By the early 1980s, Queen was one of the biggest stadium rock bands in the world. Their set at the 1985 Live Aid concert is basically the most significant live performance of all time. Queen meaning Roger Taylor on drums, Brian May on guitar, John Deacon on bass, and Freddie Mercury on piano and vocals. Mercury was a flamboyant showman on the stage, an inimitable presence with an incredible voice. When he died in 1991, the band more or less died with him; his bandmates were his friends, and they needed to mourn him away from the music.
I can’t remember when I was first aware of Queen because I was born into a world already obsessed with them. I remember being in my mom’s van and hearing the telltale bassline of Under Pressure and being mad, SO mad, when it turned out to be “that old song” by Queen, and not Ice Ice Baby by Vanilla Ice, a flash in the pan hip-hop monstrosity that sampled from Queen/David Bowie without crediting them. Imagine being disappointed by Under Pressure. Imagine. I have been atoning for that musical folly ever since.
I have probably never been to a hockey game that didn’t play We Will Rock You at least 5 times. As a kid I probably thought it was specifically written for hockey. But in 1992 the band got an even bigger boost from a different Canadian export, Mike Myers. Wayne’s World was released just a few months after Mercury’s (AIDS-related) death, and the studio begged Myers to go with a Guns N Roses instead, but Myers was insistent. The film propelled Bohemian Rhapsody to #2 on the charts 17 years after its first release. Mercury saw the head banging scene before his death, found it hilarious, and approved the song for the film’s use. It was a nice way for new fans and old fans to appreciate Queen once again. Just two months later, in April 1992, the remaining Queen members put on a benefit, The Freddie Mercury Tribute Concert, to which 1.2 billion viewers tuned in (they made the Guinness Book of Records!). Performers including Robert Plant, Elton John, Annie Lennox, George Michael, and David Bowie performed alongside the original members, and they raised over £20M for AIDS charities.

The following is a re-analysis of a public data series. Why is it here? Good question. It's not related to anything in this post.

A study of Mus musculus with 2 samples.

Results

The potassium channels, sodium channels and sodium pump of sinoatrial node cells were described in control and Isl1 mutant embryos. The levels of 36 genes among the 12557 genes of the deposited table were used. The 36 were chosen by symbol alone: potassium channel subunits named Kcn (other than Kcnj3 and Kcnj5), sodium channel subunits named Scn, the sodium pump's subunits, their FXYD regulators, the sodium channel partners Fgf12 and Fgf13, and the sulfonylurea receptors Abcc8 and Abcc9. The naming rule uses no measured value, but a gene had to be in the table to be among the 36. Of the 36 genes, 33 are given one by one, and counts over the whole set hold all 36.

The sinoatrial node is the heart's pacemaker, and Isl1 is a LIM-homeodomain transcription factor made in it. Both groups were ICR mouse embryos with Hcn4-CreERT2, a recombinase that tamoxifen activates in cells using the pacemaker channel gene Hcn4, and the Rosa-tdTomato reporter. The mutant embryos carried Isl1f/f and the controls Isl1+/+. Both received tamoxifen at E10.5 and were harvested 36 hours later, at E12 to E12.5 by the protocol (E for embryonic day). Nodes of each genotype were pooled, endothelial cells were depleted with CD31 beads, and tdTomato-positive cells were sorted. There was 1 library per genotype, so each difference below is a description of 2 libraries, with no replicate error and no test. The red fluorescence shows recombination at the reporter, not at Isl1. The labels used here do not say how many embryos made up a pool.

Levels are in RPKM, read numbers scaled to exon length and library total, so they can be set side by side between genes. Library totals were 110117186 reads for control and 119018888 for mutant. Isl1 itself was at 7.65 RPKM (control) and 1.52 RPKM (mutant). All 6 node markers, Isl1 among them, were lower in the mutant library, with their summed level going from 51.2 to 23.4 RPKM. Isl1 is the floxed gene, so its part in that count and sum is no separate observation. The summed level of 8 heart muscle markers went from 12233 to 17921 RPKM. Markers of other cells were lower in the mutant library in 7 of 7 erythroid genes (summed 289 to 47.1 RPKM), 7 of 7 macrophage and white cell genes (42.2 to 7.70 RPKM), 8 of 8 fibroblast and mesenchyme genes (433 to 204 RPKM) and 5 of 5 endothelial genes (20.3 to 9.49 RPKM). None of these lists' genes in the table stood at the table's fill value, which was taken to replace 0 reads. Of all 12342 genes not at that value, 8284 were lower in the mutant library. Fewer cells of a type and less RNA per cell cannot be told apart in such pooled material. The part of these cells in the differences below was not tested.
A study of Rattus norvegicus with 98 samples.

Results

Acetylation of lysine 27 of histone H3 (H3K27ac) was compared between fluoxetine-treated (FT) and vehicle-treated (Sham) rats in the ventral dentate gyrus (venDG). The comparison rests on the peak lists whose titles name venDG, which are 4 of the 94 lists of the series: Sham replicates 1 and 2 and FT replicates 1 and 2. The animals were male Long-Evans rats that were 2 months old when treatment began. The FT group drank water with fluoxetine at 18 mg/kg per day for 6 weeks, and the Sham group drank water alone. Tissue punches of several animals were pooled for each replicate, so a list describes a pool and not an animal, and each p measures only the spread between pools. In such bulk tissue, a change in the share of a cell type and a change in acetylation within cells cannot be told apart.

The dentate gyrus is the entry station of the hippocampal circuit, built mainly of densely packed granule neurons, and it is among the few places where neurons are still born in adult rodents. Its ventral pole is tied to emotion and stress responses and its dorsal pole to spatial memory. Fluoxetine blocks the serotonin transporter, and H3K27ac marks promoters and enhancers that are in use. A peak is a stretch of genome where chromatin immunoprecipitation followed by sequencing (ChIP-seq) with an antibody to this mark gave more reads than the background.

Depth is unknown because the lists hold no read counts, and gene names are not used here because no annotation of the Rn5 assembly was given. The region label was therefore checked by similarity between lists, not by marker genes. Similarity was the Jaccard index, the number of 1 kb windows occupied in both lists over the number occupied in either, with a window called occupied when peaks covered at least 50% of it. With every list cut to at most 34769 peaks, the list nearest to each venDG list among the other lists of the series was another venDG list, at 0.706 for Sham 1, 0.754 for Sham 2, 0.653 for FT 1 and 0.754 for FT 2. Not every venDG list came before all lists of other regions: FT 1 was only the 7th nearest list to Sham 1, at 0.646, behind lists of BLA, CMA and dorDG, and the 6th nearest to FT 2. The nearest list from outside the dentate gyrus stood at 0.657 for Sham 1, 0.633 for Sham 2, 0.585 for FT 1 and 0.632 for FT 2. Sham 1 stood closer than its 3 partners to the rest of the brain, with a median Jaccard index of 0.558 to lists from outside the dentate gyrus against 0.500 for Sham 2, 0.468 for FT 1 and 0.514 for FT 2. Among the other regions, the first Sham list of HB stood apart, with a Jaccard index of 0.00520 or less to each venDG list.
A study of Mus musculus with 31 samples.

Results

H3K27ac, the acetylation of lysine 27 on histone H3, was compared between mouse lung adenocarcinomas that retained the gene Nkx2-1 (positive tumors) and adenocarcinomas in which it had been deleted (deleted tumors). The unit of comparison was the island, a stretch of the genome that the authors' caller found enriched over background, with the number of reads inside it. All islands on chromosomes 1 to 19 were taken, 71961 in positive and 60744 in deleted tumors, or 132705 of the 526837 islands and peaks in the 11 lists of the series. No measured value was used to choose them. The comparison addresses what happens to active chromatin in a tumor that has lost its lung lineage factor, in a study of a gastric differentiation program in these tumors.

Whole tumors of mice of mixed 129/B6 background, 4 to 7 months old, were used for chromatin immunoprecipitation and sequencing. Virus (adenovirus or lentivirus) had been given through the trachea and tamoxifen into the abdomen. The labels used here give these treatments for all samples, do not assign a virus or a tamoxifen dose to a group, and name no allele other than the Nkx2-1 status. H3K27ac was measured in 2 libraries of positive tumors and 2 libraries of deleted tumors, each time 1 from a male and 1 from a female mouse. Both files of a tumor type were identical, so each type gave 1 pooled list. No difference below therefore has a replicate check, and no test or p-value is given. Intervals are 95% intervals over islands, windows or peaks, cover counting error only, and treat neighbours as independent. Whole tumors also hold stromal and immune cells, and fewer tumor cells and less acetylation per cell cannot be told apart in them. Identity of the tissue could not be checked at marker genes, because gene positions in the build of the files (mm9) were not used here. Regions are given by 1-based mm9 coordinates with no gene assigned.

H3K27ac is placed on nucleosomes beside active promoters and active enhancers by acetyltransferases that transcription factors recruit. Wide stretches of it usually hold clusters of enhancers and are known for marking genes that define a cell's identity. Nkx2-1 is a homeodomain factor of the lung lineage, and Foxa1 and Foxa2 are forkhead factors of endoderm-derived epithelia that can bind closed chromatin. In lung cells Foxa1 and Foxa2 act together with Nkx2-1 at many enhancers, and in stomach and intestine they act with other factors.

This would prove a wise and prophetic move: Queen never tried to replace the irreplaceable Freddie Mercury. When they were ready to perform again, they performed as Queen + ________. John Deacon retired in 1997, but a new Greatest Hits (III) album was released in 1999, Queen + Wyclef Jean on Another One Bites the Dust, George Michael on Somebody to Love, and Elton John on The Show Must Go On (among others). And beginning in 2005, they toured + Paul Rodgers. Fans could enjoy the music they loved without feeling their Mercury had been replaced. May and Taylor could play again, in tribute to their friend of course, but also because this was their music too, their passion.
In 2011, Queen began playing with American Idol loser, Adam Lambert (that year’s winner, Kris Allen, has long since been forgotten – the show has a pretty crummy record: out of 17 seasons, only 2 early winners ever had any lasting success, Kelly Clarkson and Carrie Underwood). But Queen knew a winner when it saw one.
This documentary covers a lot of ground. A LOT. But it’s Queen, so let’s gobble it up. And it’s kind of cool that this iconic band, now consisting of two aging rock stars, can see in Lambert a little bit of their old friend. Adam Lambert is himself a flamboyant showman, but he doesn’t invite comparison to Mercury, which is what makes this union work. He is a confident performer in his own right, and May and Taylor seem re-energized in rediscovering their old hits with him, old hits that, like me, Lambert has grown up just knowing. And though he’s also passionate about his solo work, Lambert knows what a huge opportunity this is, how lucky he is to perform to arenas filled with people. But most of all, it’s just cool to see how things have changed, from Freddie Mercury’s deathbed confession of AIDS, to Lambert being able to perform as an openly gay man. Many great bands continue to tour long past their prime, eventually becoming a sort of cover band of themselves. Queen, however, has lasted because it’s been open to change, it has evolved. They never wallpapered over their past. They knew they had a once in a lifetime thing with Freddie, but they also admit they’ve somehow found it again with Lambert.